It is no secret that the topic of early commitments is a tinder box. Everyone has an opinion and those opinions vary. One thing we do know is that in softball there seems to be more of this each and every year. Recently we discussed the topic with Hofstra Head Coach Larissa Anderson. We wanted to get a coaches perspective on what is going on.
Young players are committing earlier and earlier each year. So what kind of impact does this have on the college coach? Coach Anderson said “My general take on this is that it’s out of control and one side is pointing to the other as who is to blame. It is making it a lot harder on us as we’re being pressured by kids to make them offers because other schools are making them offers, their teammates are getting offers, so they feel they need to make a decision as well.” This may not be as big of an issue for the power programs, they have a line of kids a mile deep wanting to play for them. But think about the impact on smaller programs who may have less funding and things such as academics play a big role on how much aid a student may be able to get. How do you commit anything to a young player who has yet to prove themselves academically?
As is the case with most things, there are generally both negatives and positives to be had. The negatives list far outweighs the positives for coach Anderson.
Coach Anderson’s Negatives
- The coach and/or staff may not be at the university you committed to by the time you get there.
- Your skill level might be higher or lower than you anticipated by the time you reach college, therefore it’s no longer a good fit.
- How do you know what’s important to you in your college decision at 13 years old?
- Admission standard.
- Drive and commitment to reach your goal(s).
- Because a lot of kids are committing way too early and they don’t know what they want or are looking for, the transfer rate is out of control. I have also experienced for the first time travel ball coaches acting as agents trying to sell their players who have committed early and who still want to “shop around” because they committed too early.
Coach Anderson’s Positives
- You know what you have to financially plan for.
- You get to know the program, coach, and players on the team much closer than you would if you committed later on in your high school career.
So where did this idea of committing early start or rather what is driving it? Coach Anderson shared her thoughts by stating “It started when generational kids were committing to programs where mom/dad, grandma/grandpa, great-grandma/great-grandpa went to school and it was a no-brainer that this is where they were going to school now too. But when it became public that “State University” had a 10th grader commit and then a ninth grader and now eighth graders, it became a “keeping up with the Jones’” situation and the fear of missing out. Now it has put the pressure on the kid to commit early because all of their teammates have. It also has put parents in a situation to see the dollar sign in how much they would be saving for their kids’ education and they can’t help but accept the offer.”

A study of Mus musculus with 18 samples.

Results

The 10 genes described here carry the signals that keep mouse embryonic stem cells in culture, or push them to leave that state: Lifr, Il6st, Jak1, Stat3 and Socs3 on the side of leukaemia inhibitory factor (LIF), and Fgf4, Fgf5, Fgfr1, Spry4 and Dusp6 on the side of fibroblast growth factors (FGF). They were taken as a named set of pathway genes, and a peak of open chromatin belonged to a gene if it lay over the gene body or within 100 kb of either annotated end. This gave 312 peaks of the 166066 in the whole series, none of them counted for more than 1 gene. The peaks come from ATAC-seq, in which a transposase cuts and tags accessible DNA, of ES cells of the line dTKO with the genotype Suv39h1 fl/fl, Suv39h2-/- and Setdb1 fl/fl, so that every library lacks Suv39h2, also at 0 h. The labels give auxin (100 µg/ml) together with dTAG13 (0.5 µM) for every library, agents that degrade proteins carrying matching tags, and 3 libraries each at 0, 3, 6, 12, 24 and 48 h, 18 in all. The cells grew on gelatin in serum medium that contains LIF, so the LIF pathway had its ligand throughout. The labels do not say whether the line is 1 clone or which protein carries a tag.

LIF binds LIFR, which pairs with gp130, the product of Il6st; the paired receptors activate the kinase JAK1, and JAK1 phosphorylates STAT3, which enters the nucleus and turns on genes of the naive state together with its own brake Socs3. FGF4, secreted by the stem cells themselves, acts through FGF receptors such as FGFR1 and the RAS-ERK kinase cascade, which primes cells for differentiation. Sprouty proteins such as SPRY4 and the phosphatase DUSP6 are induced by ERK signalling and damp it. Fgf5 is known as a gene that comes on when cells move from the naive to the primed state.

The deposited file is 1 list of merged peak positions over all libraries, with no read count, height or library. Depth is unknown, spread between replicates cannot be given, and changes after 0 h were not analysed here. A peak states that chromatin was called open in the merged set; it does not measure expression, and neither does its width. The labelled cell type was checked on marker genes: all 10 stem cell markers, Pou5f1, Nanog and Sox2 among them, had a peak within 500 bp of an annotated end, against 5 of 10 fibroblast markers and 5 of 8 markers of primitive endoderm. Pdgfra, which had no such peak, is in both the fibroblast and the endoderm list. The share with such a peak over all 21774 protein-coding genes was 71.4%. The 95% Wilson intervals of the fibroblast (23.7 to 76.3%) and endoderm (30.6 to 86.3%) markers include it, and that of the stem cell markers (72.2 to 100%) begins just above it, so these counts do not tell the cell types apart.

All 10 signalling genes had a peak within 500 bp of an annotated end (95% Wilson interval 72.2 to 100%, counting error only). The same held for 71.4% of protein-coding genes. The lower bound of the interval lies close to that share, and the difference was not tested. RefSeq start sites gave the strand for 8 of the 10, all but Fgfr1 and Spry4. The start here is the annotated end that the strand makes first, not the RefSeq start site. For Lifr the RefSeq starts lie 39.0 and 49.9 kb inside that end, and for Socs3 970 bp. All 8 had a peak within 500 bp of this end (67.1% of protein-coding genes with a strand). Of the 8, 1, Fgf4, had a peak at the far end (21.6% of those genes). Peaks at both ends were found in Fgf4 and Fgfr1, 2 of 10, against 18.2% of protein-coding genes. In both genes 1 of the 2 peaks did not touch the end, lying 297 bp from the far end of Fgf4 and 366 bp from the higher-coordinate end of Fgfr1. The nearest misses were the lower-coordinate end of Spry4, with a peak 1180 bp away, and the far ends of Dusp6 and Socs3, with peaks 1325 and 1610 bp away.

Many people, including those currently in college, are unsure what they want to do with their education, how can an eighth or ninth grader really know what school fits them academically? To that Anderson said “They don’t care. They’re not making the decision based on academics, it’s an athletic decision. They know wherever they go, they’ll receive the academic support, they’ll get a degree and what they do with that degree will be up to them. Softball has a very high graduation rate, so our sport is graduating a very high percentage of our athletes at all schools. But what happens is when a kid enters college and then decides what she wants to do with her college degree and that school doesn’t offer that specialty, then they feel they can always transfer because they made the decision when they were 13.”
Coach Anderson left us with this. “Even though the early recruiting is going on, no one likes it, college coaches, parents, prospects, administration, travel coaches. The NFCA (National Fastpitch Coaches Association) has been trying to be proactive in getting this under control, but the NCAA isn’t supporting our legislation we are proposing. So it’s back to the drawing board to come up with another solution.”
It will be interesting to see if the NCAA every takes any action on this topic. It is clear that at least one coach would like to see change.